As Britain celebrates the diamond jubilee of Queen Elizabeth II’s ascension to the throne, it can also honor her ability over the past six decades to subtly navigate a troublesome problem for any country: Finding the right balance between religion and state.
Nearly forgotten amid the celebrity and pomp of British royalty is the fact that the queen is not just the unelected head of state and a symbol of national unity and tradition. She is also the “supreme governor” of the Church of England.
And not only that, at her coronation, she was also designated as “Defender of the Faith.” (The title was first given to Henry VIII after he broke England away from the Roman Catholic Church in 1534 as part of the Protestant Reformation – and to allow for his divorce.)
During her long reign, the queen has witnessed a marked shift in Britain from a country of largely one faith to that of many faiths – and no faith. Half of Britons today claim no religious affiliation. And Africa now has more Anglicans than England does.
Many in Britain criticize their country’s particular mix of church and state, or the spiritual and the temporal. Secularists are becoming a powerful voice. They point to the prime minister appointing the Archbishop of Canterbury or the fact that members of Parliament pledge allegiance to the queen. This mix prevents Britain from being a republic despite its being a historic and vibrant democracy.
A court recently agreed with one secularist that city council meetings should not be opened with a Christian prayer. No wonder then that the “defender of the faith” used the first event of her jubilee to hold a multi-faith reception at Lambeth Palace and to speak directly of her church’s role in Britain – despite the queen’s wise tendency to keep her opinions to herself.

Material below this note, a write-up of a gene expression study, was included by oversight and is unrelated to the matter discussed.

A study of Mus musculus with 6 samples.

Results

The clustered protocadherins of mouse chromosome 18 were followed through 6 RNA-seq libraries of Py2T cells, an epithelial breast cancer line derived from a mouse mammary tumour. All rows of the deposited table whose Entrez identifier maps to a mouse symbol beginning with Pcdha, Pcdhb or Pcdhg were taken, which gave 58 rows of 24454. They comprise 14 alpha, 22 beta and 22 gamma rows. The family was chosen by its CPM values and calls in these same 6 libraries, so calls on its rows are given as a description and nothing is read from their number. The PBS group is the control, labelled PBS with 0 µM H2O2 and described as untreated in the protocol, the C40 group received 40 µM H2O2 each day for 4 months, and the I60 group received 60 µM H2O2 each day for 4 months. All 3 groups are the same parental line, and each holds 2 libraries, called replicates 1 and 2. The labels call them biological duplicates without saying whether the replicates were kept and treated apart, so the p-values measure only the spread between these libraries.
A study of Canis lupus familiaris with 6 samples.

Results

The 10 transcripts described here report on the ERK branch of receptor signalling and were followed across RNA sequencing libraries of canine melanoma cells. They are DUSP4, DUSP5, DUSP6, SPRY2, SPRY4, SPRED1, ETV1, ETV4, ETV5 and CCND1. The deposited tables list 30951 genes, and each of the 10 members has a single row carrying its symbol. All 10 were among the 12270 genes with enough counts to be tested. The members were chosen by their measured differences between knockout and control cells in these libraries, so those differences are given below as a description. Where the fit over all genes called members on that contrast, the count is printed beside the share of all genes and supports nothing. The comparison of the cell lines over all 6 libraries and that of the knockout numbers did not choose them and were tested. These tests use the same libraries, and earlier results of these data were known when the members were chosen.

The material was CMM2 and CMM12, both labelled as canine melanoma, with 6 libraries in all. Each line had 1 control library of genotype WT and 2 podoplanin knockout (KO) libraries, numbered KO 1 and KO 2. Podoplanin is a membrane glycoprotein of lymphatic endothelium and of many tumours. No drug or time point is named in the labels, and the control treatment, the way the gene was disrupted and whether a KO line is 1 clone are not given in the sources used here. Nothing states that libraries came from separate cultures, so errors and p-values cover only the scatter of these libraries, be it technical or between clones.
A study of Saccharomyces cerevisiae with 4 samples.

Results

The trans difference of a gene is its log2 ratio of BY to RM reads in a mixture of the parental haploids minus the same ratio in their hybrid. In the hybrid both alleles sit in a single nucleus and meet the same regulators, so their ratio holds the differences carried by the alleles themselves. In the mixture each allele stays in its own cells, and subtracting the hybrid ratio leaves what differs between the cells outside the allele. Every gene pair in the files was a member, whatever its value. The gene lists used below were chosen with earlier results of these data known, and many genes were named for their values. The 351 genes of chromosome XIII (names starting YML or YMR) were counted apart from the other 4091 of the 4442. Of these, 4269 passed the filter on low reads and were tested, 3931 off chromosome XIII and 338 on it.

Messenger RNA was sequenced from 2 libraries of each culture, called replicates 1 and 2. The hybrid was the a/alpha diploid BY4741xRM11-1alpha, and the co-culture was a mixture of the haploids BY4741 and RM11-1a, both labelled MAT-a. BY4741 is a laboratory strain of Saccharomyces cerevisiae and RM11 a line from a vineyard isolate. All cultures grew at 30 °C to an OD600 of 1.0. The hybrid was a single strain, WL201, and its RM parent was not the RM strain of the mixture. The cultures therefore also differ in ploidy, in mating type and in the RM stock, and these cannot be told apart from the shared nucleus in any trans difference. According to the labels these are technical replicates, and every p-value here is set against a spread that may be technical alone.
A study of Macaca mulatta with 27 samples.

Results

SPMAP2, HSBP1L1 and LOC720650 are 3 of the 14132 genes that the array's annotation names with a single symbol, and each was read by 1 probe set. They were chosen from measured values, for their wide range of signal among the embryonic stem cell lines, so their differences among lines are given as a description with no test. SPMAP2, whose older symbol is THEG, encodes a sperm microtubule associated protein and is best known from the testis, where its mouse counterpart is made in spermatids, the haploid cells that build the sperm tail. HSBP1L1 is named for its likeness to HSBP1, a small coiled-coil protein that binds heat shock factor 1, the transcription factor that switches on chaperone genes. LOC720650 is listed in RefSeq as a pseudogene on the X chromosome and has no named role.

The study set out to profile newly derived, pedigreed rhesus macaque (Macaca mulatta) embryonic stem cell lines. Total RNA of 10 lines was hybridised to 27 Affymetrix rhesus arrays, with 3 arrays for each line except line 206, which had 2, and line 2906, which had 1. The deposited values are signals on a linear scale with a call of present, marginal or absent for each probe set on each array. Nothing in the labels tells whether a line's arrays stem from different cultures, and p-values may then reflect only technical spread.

She need not worry too much. One poll finds nearly three-quarters of people in England believe she should keep her position as titular head of the church. Another poll shows the royal family is more popular than ever. Only 1 in 5 people says Britain would be better off without a monarchy.
Still, the queen’s speech at Lambeth was almost defensive. “The concept of our established church is occasionally misunderstood and, I believe, commonly underappreciated,” she said.
But she noted the works that many religious groups do to help others and raise people’s hopes. And in a novel justification of her church’s role, she said it “has a duty to protect the free practice of all faiths in this country.”
Many Muslims and other non-Christians in Britain agree, having found a freedom to worship they may not enjoy elsewhere. In one poll, half of Britons say the next monarch, likely to be Prince Charles, should wear the title of “Defender of Faiths” not just “the faith.”
If anything, a British monarch must stand for common values, allowing the people to project themselves onto an idealized leader, even if the person on the throne is there by reason of heredity alone.
Which value has been most diligently expressed by this queen? Probably it is to be of service to others, such as in her quiet guidance to many prime ministers or even in the endless ribbon cuttings expected of royalty.
That model comes from the Old Testament story of Solomon who, when a new king, humbly asked God: “Give therefore Thy servant an understanding heart to judge Thy people, that I may discern between good and bad: for who is able to judge this Thy so great a people?” Jesus himself refused to be called king, asking his followers to be servants to all people.
Britain, like many countries, still struggles with how much to separate faith and government. The queen’s jubilee can be a time for Britons to assess the legacy of this monarch – as guardian of the established church – in helping to ease that struggle for the sake of the country’s future.